A nasty disease that can wreak havoc on wheat crops has been identified by scientists, allowing plant breeders to develop better varieties with higher yields for farmers.
Known as Fusarium head blight, FHB is a fungus that attacks the head of the wheat plant, causing the kernels to shrivel up and produce toxins, leaving the plant discoloured and completely inedible for people and animals. The disease may also be known as "scabs" or "blight".
"Fusarium is a huge problem worldwide," said Dr. Rachid Lahlali, CLS plant innovation research associate. "It can affect up to 50 percent of crop yields around the world in certain areas. Obviously this is a huge problem."
FHB affects wheat and barley crops in Canada and world-wide. China, parts of southern Africa, Eastern Europe, South America, and the U.S. have all recorded FHB outbreaks in recent years.
Lahlali and a research team from the CLS, National Research Council Canada, University of Saskatchewan, and Agriculture and Agri-Food Canada used the synchrotron to image both healthy and infected wheat spikes and florets to understand the development and progression of the disease.
"What we were trying to do using the synchrotron is to understand how the fungus infects the plant and see what kind of changes are happening," said Lahlali. "And what we found are biochemical markers at the point of where the infection begins."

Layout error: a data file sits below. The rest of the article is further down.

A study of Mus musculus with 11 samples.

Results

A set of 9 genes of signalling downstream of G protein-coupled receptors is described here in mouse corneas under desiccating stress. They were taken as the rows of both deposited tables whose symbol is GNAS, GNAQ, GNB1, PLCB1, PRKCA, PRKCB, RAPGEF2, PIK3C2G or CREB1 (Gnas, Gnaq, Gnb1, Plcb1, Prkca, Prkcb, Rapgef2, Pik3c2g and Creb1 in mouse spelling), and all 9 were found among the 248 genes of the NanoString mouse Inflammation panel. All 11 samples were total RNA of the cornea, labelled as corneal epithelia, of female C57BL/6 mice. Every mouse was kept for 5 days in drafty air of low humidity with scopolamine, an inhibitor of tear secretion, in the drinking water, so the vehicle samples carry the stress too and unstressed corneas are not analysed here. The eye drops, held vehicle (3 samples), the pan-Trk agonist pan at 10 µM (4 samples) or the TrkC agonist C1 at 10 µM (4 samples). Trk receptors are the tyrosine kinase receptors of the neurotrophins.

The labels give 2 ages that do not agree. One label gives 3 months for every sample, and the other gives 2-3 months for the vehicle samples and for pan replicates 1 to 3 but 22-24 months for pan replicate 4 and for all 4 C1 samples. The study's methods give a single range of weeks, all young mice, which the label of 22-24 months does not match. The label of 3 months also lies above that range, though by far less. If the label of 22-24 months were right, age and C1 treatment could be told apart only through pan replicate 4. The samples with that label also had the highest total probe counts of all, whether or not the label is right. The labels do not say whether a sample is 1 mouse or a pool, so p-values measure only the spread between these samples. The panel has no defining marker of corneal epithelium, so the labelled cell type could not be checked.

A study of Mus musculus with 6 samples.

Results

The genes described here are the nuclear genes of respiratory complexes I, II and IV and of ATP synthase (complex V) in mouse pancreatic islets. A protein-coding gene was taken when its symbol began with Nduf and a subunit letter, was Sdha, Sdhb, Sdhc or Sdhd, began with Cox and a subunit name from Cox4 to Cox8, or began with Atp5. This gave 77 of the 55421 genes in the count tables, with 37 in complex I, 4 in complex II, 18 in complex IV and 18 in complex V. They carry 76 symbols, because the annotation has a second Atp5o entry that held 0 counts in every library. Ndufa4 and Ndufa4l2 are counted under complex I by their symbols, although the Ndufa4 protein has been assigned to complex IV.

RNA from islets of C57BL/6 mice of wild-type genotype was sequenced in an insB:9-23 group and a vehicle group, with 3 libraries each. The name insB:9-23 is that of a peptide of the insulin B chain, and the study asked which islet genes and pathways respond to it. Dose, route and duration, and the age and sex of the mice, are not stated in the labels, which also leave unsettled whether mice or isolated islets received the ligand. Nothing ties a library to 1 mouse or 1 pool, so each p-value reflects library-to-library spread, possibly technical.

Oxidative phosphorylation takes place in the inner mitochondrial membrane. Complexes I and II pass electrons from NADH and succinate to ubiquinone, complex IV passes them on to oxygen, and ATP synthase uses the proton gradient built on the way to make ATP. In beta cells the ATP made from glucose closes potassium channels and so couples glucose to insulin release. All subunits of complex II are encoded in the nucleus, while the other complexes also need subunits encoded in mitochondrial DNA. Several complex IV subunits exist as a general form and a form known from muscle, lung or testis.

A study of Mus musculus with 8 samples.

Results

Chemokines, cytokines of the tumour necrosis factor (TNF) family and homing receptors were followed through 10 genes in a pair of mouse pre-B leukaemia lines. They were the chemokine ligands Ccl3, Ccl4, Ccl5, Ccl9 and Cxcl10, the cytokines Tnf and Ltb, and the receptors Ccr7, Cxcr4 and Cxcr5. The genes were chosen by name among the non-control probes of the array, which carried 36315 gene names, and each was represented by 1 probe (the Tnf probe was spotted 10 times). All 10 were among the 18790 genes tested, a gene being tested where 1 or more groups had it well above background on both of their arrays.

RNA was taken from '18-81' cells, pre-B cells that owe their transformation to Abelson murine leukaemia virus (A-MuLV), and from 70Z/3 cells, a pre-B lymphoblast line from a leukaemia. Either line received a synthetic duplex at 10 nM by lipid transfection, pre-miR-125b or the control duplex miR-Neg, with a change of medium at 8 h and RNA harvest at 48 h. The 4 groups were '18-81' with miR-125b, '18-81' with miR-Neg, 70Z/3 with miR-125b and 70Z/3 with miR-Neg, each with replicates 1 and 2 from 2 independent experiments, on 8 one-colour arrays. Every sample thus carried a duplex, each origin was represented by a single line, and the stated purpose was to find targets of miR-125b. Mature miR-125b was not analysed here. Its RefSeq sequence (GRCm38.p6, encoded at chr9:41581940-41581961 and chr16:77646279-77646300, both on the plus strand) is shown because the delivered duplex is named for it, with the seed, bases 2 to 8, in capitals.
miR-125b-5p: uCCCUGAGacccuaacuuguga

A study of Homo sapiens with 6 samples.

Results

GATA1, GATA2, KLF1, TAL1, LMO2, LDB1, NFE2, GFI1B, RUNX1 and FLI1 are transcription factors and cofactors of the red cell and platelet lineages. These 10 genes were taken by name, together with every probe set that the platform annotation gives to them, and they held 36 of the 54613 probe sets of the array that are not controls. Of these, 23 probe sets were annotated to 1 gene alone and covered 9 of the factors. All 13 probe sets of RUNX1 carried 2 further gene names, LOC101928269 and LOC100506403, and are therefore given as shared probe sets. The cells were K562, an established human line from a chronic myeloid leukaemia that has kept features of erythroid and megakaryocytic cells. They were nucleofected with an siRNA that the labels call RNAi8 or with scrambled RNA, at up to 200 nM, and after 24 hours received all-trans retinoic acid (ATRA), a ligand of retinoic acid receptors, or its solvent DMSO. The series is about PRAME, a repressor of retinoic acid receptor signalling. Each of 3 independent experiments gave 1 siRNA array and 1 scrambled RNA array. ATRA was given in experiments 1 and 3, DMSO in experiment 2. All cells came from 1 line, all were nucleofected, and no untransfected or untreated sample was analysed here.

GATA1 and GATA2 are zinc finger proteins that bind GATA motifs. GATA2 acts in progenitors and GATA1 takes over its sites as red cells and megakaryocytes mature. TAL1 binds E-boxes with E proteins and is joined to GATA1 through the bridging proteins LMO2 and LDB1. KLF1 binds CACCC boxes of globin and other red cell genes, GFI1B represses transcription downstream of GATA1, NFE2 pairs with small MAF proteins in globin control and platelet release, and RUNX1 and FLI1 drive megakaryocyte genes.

Understanding how the FHB infects the wheat plant will be a huge advantage to plant breeders trying to develop FHB resistant varieties of wheat.
Lahlali and his team relied on novel techniques developed at the CLS to image living wheat plants. Typically, plants need to be destroyed or mutilated to conduct proper experiments of this type, but using synchrotron techniques, the group was able to see changes over time. By combining information from two different experiments – phase contrast X-ray imaging and infrared spectroscopy – the group tested the hypothesis that the structural and biochemical differences between resistant and susceptible plants play a significant role in developing resistance to FHB.
The results revealed significant differences between infected and non-infected plants, providing valuable information on both the infection and future plant imaging techniques.
"We were able to see the differences in the wheat infected by the fungus and our experiments showed us that the structures could be lost or altered, showing us traits that can be changed for the plants to become resistant to FHB."
Lahlali said the next step is to look at other parts of the plant, including the cell wall, to determine structures and immunities that could lead to better varieties.
"Our goal is to identify biochemical markers for Fusarium resistance so plant breeders can use a reliable and fast screening method to develop better FHB-resistant types of wheat."